Ask any NHL coach and he'll tell you he doesn't pay attention to it.
The question: What does (insert significant career milestone here) mean to you?
Most coaches, at least the most successful ones, will say they can't be bothered with cataloging personal achievements. Their job is to win, and win often. If they're fortunate enough, maybe they will even have their name etched on the Stanley Cup.
Besides team success, though, there is one rare milestone coaches do appreciate: 1,000 games behind the bench.
In today's sports landscape, that's an impressive milestone for any coach.
"Game No. 1, I was really nervous. Game No. 1,000, I don't think I'll be that nervous," Tippett told reporters with a laugh before Tuesday's game. "I've been real fortunate to be around for a long time, and I still enjoy doing it. When you get on the bench, it's the closest thing as you can be to being a player and you're involved in the game. That part is still a lot of fun for me."
Nine active coaches have coached 1,000 games: Joel Quenneville (1,428), Lindy Ruff (1,379), Ken Hitchcock (1,374), Barry Trotz (1,325), Paul Maurice (1,250), Darryl Sutter (1,170), Alain Vigneault (1,019), Tippett (1,000) and now Babcock.
The common thread is that all have won at a high level. And some have their names on the Stanley Cup. Most also either started coaching in junior hockey or the AHL, so they have an understanding of what it takes to reach the NHL, not only as a coach but also as a player.
The best coaches have the ability to coach, teach and evolve with the game and its players.
"If you don't evolve with it, you're going to be behind," Tippett said.
Tippett, 54, has spent 6½ seasons behind the Coyotes bench. Before that, he spent six seasons as head coach of the Dallas Stars.
Babcock, 52, is in his first season as coach of the Maple Leafs. His résumé speaks for itself, and it includes 10 seasons with the Detroit Red Wings and a Stanley Cup in 2008. Before joining the Red Wings, he spent two seasons with the Anaheim Ducks (2002-04) and led the team to its first Cup finals appearance.
Babcock also is the only coach to win a World Championship, Olympic gold medal and a Stanley Cup. Now that he's reached 1,000 games in the NHL, he pretends not to care.
"I haven't even thought about it, to tell you the truth," Babcock said. "It means you've obviously been in the league a long time and you must've had some success, because you don't get to stay in the league, no different than a player. I feel real honored to coach in the National Hockey League. There are only 30 of those jobs, and I believe it's the best league in the world. Obviously, you've been able to keep your job long enough to get there."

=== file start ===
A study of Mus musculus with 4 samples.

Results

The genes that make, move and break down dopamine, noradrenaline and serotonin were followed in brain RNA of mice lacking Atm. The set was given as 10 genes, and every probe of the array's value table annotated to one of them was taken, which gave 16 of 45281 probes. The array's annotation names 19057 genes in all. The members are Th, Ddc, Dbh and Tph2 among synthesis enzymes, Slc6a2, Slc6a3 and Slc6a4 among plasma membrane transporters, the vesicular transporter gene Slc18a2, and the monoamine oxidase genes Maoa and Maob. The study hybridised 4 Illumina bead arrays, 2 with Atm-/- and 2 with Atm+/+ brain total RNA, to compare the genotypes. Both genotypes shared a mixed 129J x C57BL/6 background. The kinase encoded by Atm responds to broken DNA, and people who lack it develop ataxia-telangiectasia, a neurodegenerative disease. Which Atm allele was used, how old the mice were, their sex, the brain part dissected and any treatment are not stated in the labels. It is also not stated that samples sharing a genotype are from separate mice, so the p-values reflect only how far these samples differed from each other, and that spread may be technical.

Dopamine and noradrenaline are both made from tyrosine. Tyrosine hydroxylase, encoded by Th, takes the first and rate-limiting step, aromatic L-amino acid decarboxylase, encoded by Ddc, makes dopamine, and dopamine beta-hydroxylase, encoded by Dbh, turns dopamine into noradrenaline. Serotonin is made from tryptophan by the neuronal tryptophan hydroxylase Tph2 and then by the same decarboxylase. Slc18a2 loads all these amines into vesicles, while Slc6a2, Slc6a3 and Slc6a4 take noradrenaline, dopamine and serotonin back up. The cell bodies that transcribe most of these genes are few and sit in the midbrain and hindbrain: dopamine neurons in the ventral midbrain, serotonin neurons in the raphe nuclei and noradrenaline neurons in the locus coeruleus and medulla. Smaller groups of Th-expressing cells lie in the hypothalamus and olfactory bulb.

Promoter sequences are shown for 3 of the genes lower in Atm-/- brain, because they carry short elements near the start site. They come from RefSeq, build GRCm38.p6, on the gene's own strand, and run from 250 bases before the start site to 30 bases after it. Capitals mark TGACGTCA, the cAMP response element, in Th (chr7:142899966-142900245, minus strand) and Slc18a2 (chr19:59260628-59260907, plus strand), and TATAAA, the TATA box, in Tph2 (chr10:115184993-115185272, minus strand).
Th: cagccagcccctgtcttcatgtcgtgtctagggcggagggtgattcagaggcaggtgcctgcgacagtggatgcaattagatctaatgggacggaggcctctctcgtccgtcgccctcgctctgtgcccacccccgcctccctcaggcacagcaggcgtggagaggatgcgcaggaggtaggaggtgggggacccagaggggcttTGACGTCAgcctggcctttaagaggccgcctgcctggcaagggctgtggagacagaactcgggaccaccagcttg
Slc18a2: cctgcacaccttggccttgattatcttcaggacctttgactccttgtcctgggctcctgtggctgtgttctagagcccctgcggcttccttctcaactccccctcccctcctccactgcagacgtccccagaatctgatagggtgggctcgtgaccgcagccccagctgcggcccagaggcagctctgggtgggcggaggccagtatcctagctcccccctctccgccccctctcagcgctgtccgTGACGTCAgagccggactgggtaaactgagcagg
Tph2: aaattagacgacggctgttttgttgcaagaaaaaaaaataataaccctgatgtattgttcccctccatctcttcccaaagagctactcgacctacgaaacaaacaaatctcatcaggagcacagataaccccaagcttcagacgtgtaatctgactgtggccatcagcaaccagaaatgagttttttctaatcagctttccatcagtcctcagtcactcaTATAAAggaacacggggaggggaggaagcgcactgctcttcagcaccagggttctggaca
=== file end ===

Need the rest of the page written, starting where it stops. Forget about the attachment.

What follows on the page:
Boston Bruins coach Claude Julien also has the potential to reach the 1,000-game plateau. He has coached 909 games between his time in Montreal, New Jersey and Boston.
"When you get to 1,000, that's quite an accomplishment. There are a lot of guys that are getting close to it now and some that already have, and it's great," Julien said.
"In the brotherhood of the coaches, it's great to see. It shows some stability. And for the longest time, it didn't seem to be that much, and at times it seems like you're here and gone before you know it. Anytime somebody manages to put 1,000 games together, it's really impressive."
After Babcock left the Red Wings and signed with the Maple Leafs last summer, Julien became the longest-tenured coach in the league. This is his ninth season behind Boston's bench.
"It means a lot," Julien said. "Stability is hard to keep in this profession, and sometimes [management] makes changes for other reasons than the coach's fault. You understand when you take a job there's always that possibility, and it's hard to think about stability as a coach; you're always prepared for the other side of it.
"For me, it's been great. Not only is it great for me, it means there's stability in the organization, but also for your family. You have a wife and a lot of us have kids, and what it does for them to move around often is not an easy thing, so it's good to have some stability. I feel fortunate because I've gone through some changes in the organization and I could have easily been one of the guys to go.
"When another group comes in and still trusts you guide this team, it's certainly refreshing for me to know there's still some trust and some satisfaction for what I've done here so far."
Hall of Famer Scotty Bowman is the all-time leader with 2,141 games coached in the NHL. The late Al Arbour is second with 1,607.
"It's a great honor to have that many," Bowman said of the coveted 1,000-game plateau. "You're talking 82 games a year and it's greater than 10 years on the job, which is a long time."